Montreal’s Fulford Residence is closing after 131 years in operation

Click to play video: 'Forced out: Fulford Residence for women to close'
Forced out: Fulford Residence for women to close
WATCH: The Fulford residence for women is closing it's doors after 131 years in operation. The dwindling number of residents and covid19 have made it impossible for the home to turn a profit. Now, these elderly women are forced to find a new place to live. Global's Olivia O'Malley has the details. – Mar 3, 2021

Montreal’s Fulford Residence has served countless women who’ve walked through the doors and called it home, since moving to its Guy street location in 1890. But no more.

Over the past year, the private, non-profit home for autonomous elderly women has seen fewer people move in, forcing it to close due to financial difficulties.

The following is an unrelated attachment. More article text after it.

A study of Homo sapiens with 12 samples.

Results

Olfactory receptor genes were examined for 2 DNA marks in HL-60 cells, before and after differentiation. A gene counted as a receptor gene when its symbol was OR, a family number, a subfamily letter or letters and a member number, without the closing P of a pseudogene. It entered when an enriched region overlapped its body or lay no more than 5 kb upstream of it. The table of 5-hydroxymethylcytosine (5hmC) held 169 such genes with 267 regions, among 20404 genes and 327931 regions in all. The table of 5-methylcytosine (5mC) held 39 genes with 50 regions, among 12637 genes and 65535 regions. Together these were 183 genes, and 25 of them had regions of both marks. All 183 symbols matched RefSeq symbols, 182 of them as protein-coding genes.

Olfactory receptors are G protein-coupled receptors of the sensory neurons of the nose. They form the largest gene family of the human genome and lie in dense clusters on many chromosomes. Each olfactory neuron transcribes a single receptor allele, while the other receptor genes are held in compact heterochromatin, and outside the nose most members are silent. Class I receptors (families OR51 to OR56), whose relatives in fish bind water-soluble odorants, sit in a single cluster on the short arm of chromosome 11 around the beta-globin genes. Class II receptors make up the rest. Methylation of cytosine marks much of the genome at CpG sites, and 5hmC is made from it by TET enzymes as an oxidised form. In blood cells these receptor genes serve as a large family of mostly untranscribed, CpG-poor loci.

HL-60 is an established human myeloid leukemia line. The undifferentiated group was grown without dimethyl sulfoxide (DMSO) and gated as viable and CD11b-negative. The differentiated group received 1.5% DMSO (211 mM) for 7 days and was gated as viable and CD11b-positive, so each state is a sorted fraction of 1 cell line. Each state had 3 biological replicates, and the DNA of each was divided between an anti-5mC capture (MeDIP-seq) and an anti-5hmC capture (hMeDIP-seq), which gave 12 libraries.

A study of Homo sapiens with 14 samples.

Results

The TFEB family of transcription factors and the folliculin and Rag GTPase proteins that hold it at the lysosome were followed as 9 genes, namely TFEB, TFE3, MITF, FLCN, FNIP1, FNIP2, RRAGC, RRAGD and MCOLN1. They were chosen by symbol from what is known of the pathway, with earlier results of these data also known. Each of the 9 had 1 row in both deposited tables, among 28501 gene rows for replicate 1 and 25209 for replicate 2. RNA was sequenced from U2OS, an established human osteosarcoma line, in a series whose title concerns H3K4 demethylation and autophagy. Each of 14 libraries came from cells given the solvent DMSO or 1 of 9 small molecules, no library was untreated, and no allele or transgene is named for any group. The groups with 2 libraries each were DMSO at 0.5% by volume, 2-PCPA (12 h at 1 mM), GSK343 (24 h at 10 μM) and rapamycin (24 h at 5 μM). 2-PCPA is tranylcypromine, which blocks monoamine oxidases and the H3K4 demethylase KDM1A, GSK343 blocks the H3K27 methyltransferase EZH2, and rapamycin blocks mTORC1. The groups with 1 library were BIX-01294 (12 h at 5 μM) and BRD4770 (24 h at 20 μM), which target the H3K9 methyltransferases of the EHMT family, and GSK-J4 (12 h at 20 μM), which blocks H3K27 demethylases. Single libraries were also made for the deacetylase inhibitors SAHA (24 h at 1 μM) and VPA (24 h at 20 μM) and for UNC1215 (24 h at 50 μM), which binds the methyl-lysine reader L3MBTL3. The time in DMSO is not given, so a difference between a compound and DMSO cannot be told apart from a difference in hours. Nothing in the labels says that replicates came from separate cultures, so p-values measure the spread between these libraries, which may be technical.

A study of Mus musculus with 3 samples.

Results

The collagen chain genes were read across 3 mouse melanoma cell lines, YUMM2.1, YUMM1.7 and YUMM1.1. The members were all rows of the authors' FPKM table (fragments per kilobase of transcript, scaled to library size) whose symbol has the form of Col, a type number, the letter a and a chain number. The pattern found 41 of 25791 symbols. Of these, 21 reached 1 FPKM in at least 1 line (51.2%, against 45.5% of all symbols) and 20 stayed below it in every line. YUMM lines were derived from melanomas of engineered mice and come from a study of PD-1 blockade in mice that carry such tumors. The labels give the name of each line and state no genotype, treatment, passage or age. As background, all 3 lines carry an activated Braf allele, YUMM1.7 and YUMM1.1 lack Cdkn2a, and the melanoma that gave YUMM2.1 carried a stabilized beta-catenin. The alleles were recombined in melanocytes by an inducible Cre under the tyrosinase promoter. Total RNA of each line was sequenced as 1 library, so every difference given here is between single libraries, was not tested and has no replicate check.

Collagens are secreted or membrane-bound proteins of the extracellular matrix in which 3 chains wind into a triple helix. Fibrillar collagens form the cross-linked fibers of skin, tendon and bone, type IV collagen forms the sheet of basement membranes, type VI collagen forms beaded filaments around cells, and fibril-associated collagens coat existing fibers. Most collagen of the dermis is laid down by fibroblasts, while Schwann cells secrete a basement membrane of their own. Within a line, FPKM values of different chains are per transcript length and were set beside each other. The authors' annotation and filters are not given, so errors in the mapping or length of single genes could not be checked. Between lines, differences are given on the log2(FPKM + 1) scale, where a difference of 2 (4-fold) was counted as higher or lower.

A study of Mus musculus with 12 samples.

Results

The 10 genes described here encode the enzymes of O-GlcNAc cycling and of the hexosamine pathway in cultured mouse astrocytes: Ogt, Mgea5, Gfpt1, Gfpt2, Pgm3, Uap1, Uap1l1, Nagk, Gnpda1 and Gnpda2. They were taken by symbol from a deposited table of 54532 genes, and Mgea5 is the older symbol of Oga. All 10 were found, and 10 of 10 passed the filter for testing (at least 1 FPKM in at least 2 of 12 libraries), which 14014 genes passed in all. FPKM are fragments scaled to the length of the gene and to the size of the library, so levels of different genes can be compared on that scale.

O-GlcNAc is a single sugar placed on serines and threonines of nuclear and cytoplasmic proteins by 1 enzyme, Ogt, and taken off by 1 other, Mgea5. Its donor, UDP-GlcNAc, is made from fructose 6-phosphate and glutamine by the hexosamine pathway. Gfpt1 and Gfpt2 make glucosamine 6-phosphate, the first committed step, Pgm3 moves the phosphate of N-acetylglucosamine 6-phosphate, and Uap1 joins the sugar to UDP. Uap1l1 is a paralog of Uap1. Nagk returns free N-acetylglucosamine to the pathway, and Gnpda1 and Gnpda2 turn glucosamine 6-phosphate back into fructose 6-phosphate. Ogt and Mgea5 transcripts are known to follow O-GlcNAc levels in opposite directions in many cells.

“Out of 38 rooms we have 21 ladies staying at Fulford right now, so we’re losing a lot of money,” said Director Marie-France Lacoste. “We’re talking about $60-70 thousand monthly that we’re losing right now.”

COVID-19 only exacerbated the problem. The facility grappled with an outbreak in January, and according to Lacoste the last case recorded was two weeks ago. Overall, almost the entire staff and residents caught the virus. Ten residents died.


“Social workers will assess every resident and will suggest different places to go, most of our clientele will probably move to a CHSLD,” said Lacoste.

Click to play video: 'Public inquiry into deaths at Quebec long-term care homes begins'
Public inquiry into deaths at Quebec long-term care homes begins

While 91-year-old Mary Madeleine Ramsay looks forward to new opportunities at her next home, she says it will be difficult to say goodbye to the Fulford.

“Oh I shall miss it terribly, all I can say is I believe that it is unique in every way,” said Ramsay.

While Ramsay has lived at the Fulford for the past nine years, she started volunteering at the home in 1989. Her more than 30 years of involvement played a role in her choosing the residence that she hoped would be her forever home.


“It’s not something that is on the front burner right now, we will be thinking about ideas and what could happen with it,” said Irwin-Gibson.